Theatre as an art and one of the humanities, its impact upon society, and its relationship to other art forms.
Arguably, theatre is the most collaborative of the arts, requiring not only the collaboration of at least two people (even for a one-person show), but also the uniting of multiple forms of artistic expression. Additionally, theatre commonly incorporates other humanities, for examples philosophy, literature, religion, art, music, history, and language. This course uses the world stage to examine these complex, interconnected, esoteric components of theatre, as well as more concrete elements like performers, audiences, designers, writers, and venues. Theorizing that all societies share the ritual origins of theatre, this course examines the theatre traditions of the countries visited in order to discover common roots across cultures. At the same time, the course celebrates each culture’s uniqueness. Students examine the impact of theatre on each society, and each society’s impact on its theatre. The course facilitates the understanding of theatre as a potentially universal art form, but one with multiple fundamental differences across four continents. The course employs reading and discussing dramatic literature, and attending and analyzing a variety of theatrical performances in each port.
Field ClassCountry: India
Date: February 28, 2019
Combining, drama, dance, music, costumes, make-up, and devotion into a divine experience, Kathakali Dance retells epic stories from India’s past. According to legend, the form originated centuries ago in the very state we will be visiting. In the morning, the class will participate in a workshop focusing primarily on Kathakali dance techniques, and the meanings of a variety of hand, facial, and foot gestures and positions. In the afternoon, the class will visit Greenix Village Cultural Museum to see a small, but informative exhibit of Indian dance costumes, as well as illustrations explaining the hand and facial gestures that are the foundation of the tradition. After lunch, the class will return to the Centre for a make-up demonstration and performance. Learning Objectives:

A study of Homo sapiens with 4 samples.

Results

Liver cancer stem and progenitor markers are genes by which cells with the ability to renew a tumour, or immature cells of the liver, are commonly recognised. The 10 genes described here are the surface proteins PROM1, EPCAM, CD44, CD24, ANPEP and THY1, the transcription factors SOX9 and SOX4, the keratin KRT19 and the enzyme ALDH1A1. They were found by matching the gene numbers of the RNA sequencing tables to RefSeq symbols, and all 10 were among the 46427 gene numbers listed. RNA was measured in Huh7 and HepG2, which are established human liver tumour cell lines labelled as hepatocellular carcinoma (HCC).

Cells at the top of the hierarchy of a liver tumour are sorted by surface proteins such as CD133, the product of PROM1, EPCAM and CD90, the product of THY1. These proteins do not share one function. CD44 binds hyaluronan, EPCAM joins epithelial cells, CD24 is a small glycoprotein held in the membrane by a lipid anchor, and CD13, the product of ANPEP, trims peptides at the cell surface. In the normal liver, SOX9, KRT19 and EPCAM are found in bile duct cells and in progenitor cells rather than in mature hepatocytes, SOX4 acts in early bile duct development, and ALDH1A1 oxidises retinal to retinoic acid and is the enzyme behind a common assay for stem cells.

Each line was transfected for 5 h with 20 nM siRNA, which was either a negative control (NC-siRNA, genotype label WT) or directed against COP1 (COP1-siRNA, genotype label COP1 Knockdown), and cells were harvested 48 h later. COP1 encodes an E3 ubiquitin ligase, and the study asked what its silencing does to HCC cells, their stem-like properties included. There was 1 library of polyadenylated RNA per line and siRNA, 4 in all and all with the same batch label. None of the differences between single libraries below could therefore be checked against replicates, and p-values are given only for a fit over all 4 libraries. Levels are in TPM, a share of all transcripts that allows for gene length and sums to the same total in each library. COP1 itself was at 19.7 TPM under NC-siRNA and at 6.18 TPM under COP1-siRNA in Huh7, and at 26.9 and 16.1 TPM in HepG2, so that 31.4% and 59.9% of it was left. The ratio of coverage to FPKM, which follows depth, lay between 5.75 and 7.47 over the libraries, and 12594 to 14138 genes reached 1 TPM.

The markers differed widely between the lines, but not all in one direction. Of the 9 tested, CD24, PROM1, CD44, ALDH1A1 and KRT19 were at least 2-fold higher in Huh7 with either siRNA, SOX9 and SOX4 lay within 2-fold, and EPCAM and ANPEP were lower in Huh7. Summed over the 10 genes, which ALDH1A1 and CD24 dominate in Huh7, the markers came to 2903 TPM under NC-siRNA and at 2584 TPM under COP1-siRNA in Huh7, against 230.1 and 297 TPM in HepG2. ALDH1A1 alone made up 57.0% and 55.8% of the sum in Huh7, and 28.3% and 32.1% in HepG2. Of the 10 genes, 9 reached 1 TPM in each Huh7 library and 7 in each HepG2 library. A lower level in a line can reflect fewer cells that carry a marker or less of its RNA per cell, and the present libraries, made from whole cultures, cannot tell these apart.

- Students will experience first-hand (and “first-face,” and “first-foot”) the in depth discipline required to perform Kathakali Dance, thereby gaining a deeper understanding of, and appreciation for the genre.
- Students will learn the meaning of gestures that form the basis of Kathakali Dance, both by performing them themselves, and by studying exhibits close-up.
- Students will demonstrate their understanding of the experience by a reflective paper, project, presentation, or performance. Typed artists statements must accompany projects, presentations, or performance reflective responses.